Location: Aurora, Illinois
Date: February 12, 1990


On President's Day, February 12, 1990, eleven-year-old Leighton Oliver, his nine-year-old brother, Tristan, and a group of friends were playing "war" with squirt guns outside the Olivers' home in Aurora, Illinois. Marcia Oliver told her sons she had to run an errand and would be back in fifteen minutes.

Leighton soon got tired of the game and thought it would be fun to build some small fires. Tristan and the other boys, including thirteen-year-old Jimmy Marrello, went along with Leighton's plan. The boys tossed leaves, twigs, and pine cones into a small pot while Leighton went into the garage. He poured a little gasoline from a tin can with a spout into a glass jar and carried it out to the yard. Leighton poured the gasoline into the pot and lit it with a match. Small flames erupted and the boys doused them with their squirt guns.

"Let's make a bigger fire," suggested Leighton. He went back to the garage and returned with the gas can. Tristan and the other boys backed away as Leighton poured more gasoline into the pot. Instantly, the fumes from the gas can ignited, causing a small explosion and setting Leighton's clothes on fire.

Jimmy saw Leighton covered with flames, waving his arms in the air. Instinctively, he remembered the drill he'd learned in school--if your clothes catch fire, "Stop, drop and roll," then smother the flames with a blanket. Jimmy yelled at Leighton to drop on the ground and roll, then he ran to him and smothered the flames with a jacket.

Jimmy then ran inside and called 911, while Tristan took Leighton to the water faucet and soaked him in cool water. Leighton screamed in pain, fearful he was going to die. "I just stayed with Leighton, crying my eyes out, and worrying about him," recalls Tristan. "I thought that he would die for sure."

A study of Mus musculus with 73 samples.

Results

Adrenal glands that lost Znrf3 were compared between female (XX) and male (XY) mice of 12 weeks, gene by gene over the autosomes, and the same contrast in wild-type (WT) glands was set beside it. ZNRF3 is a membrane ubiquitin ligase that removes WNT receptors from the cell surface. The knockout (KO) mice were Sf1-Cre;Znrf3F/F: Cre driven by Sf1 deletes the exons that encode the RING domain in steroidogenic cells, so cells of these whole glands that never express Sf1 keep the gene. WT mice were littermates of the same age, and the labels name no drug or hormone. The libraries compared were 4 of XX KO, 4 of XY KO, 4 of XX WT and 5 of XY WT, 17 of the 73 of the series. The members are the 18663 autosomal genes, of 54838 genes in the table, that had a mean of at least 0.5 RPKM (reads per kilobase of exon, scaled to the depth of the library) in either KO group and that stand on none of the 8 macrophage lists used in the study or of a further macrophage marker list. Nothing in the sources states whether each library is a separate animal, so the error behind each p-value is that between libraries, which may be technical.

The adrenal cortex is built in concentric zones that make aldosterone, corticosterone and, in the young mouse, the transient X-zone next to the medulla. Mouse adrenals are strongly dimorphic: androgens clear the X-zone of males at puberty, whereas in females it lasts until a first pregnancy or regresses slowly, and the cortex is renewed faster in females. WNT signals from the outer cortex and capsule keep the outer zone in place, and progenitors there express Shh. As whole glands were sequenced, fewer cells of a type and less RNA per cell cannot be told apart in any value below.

Rescuers from the Aurora Fire Department, including paramedic Joe Bartholomew, arrived on the scene within minutes and began to cut away Leighton's polyester sweatshirt, which had melted and formed a plasticlike coating on his skin. As Leighton was loaded into the ambulance, he repeatedly asked paramedics if he was going to die.

Assistant paramedic trainee Tony Nelson felt badly that he couldn't do more to comfort Leighton. "I couldn't hold him, couldn't hold his hands, couldn't give him anything to grab because his hands hurt so badly. All I could do was soak him down and tell him, 'If you feel like screaming, go ahead and scream.' He did."

Marcia and her husband, Tony, rushed to Mercy Center Hospital where Leighton was treated for burns over 60 percent of his body. Nurse Linda Hemmingsen recalls the mood in the trauma unit. "We felt this tremendous sadness that he was burned so severely that he probably wasn't going to make it, " she says.

Leighton was airlifted to Loyola University Medical Center's burn unit. There his family and friends began an intense vigil to see if his body could fight off infection, the greatest threat to a burn patient's survival. The hardest part for Marcia was not being able to comfort Leighton by touching or holding him. Incredibly, Leighton slowly improved. He underwent skin grafts and endured a painful cycle of bandage changes and physical therapy.

Today, Leighton has recovered and has returned to all his usual activities, including his favorite, soccer. "I don't know the name of his friend," says paramedic Nelson, referring to Jimmy Marello, "but that's a friend for life. He saved Leighton." A lot of people think Jimmy's a hero, but he says he just did the first thing that came to his mind. "Absolutely he's a hero," says Leighton. "I probably wouldn't be here if it wasn't for Jimmy."

Marcia says if there's one thing she's learned, it's that gasoline should be locked out of the reach of children. Paramedic Joe Bartholomew agrees. "Children have a curiousity about fire," he says. "The problem with playing with gasoline is that don't understand what's going to happen. The vapors spread out and will ignite. There's no way they can put that can down before it will explode."